CERT: 15 | FORMAT: LIMITED EDITION BLU-RAY (101 FILMS) | RELEASE DATE: OUT NOW
Sean S. Cunningham’s The New Kids (1985) is a curious movie; part 80s teen comedy, part horror film. It makes sense when you look at Cunningham’s short CV, having made Friday The 13th and Spring Break, which are horror and teen comedy respectively. There are great standout moments in The New Kids, especially from a young James Spader, but it ultimately doesn’t fall satisfactorily into either genre, leaving it a little flat.
We start with a fantastic montage where brother and sister Loren (Shannon Presby) and Abby (Lori Loughlin) are forced to exercise by their dad, a go-getting Colonel. In a “blink and you’ll miss it” moment, we're told their parents were killed in a car crash, forcing them to relocate to Florida with their aunt and uncle who live on a ridiculous Santa-themed roadside fair. It's not long before they court the attention of a hilarious group of delinquent hicks, led by an unrecognisable Spader. The group make a bet to see who can bed Abby first, but unfortunately their courting consists of them being creepy and then threatening her which, unsurprisingly, doesn’t work. What follows is an escalation of aggressive tactics between the gang and the siblings. Loren, buoyed by his father’s training, turns out to be someone you shouldn’t mess with.
James Spader is the star of the show; he's unsettling and has some great dialogue, telling Loren at one point “you’re made of mouth.” We also get a great insight into his character by looking around his room, which contains weapons, drugs and pictures of topless women and himself! This is great visual storytelling and fine use of mise-en-scene. The Santa fair that becomes home to the protagonists is a great setting, weird and wacky in all the right ways, and is the home for a bloody climax that may remind you of Final Destination.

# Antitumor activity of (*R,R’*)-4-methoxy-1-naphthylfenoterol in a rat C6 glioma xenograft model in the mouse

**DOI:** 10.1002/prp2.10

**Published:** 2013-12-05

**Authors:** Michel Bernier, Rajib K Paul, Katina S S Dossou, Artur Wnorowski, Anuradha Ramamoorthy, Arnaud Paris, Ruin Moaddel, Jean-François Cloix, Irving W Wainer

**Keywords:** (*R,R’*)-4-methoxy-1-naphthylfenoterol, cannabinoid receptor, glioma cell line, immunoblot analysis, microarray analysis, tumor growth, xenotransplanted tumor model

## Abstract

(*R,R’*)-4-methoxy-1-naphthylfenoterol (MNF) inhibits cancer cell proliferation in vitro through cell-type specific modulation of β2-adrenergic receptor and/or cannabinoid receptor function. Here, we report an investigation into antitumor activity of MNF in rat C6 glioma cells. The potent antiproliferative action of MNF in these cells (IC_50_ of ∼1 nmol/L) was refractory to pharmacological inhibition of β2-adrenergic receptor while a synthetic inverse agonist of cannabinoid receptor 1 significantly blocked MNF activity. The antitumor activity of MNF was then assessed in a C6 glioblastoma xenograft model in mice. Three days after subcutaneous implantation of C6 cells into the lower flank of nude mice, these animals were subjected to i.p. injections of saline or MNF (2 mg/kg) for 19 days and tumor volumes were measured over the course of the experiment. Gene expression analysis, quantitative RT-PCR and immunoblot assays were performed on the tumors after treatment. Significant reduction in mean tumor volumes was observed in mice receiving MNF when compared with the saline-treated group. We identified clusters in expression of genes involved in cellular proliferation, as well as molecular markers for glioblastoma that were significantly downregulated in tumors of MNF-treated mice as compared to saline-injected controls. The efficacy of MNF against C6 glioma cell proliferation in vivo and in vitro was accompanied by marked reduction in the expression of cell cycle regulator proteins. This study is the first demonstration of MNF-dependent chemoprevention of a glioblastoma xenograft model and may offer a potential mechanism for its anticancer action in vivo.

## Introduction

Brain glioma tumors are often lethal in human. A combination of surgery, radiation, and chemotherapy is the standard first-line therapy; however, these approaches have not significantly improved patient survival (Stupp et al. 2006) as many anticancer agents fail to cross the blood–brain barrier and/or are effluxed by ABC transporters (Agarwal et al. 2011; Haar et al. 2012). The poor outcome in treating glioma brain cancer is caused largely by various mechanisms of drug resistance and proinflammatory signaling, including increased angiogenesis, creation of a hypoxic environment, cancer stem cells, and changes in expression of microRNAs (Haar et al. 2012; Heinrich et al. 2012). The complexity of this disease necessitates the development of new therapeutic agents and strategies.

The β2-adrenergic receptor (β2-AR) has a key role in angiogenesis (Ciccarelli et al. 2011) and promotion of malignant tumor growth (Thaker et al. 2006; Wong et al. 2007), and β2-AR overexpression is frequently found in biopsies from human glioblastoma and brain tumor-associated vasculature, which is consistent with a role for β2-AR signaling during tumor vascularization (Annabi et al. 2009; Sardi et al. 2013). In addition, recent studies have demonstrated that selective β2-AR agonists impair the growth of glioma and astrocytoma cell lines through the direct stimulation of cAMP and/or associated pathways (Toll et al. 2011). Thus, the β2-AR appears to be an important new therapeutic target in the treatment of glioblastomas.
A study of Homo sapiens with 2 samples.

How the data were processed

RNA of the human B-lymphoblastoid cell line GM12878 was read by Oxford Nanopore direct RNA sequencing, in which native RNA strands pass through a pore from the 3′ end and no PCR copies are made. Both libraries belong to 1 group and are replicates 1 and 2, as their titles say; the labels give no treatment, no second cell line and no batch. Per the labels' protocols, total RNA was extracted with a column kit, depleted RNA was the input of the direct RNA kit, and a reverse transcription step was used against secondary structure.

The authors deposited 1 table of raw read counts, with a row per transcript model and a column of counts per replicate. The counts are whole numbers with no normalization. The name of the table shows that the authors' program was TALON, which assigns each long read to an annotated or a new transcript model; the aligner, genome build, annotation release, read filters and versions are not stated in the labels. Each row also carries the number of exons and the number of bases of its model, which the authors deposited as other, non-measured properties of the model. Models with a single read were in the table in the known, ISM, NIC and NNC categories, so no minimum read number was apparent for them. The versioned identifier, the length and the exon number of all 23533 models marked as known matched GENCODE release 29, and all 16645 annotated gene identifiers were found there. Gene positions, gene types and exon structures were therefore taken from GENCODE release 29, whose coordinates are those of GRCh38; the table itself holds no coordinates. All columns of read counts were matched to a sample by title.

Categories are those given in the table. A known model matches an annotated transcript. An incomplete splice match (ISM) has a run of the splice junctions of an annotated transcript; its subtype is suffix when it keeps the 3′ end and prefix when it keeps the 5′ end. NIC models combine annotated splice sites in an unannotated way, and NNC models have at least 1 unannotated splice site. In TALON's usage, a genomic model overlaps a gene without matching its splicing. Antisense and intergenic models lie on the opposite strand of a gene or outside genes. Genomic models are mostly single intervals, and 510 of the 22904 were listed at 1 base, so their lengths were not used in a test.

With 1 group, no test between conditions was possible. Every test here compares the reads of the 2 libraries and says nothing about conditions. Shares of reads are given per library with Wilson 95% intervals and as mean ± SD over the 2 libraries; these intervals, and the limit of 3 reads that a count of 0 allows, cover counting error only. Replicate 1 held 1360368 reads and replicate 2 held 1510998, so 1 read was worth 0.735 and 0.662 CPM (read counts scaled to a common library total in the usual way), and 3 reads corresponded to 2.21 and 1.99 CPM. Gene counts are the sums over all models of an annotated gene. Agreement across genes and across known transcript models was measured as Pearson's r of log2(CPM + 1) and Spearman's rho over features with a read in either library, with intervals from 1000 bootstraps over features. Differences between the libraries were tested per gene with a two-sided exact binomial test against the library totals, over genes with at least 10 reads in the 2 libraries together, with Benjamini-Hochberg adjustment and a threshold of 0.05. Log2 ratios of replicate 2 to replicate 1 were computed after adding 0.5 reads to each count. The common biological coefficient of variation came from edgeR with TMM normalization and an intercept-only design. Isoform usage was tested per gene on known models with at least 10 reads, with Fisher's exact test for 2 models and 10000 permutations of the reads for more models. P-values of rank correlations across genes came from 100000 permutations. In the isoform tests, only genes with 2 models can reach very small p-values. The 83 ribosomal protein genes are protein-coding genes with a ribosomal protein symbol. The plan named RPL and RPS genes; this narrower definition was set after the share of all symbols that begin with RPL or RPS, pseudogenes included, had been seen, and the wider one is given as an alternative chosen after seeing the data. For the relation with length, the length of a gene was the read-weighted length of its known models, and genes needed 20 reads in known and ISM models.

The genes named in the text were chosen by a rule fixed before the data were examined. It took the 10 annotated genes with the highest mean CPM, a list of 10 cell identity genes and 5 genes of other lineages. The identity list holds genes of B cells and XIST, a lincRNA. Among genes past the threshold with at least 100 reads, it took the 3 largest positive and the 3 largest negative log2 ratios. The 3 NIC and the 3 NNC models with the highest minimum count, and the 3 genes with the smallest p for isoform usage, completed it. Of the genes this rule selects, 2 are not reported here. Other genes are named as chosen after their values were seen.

Despite the more unusual elements, enchanted by a suitably atmospheric score by Lalo Schifrin that sounds great here, the film doesn’t make enough of an impact. This is probably due to its mismatch of plot elements. Cunningham, who is interviewed on the disc, explains how he was tasked with making a movie to fill an open schedule with no idea of what he was going to make - this is evident from the final picture. The New Kids isn’t as fun or scary as other 80s films, which is probably why it's less well known, especially in the UK. The disc also contains an interview with writer Stephen Gyllenhaal, as well as commentary by film experts Sean Hogan and Jasper Sharp, who all give good insights into the actors and the film business of the time.
For some, The New Kids is a cult classic - there's something unique about teen horror from this decade, a feeling of fun and dread that Sean S. Cunningham was adept at utilising. The New Kids elicits some of those feelings; it's just been done better elsewhere.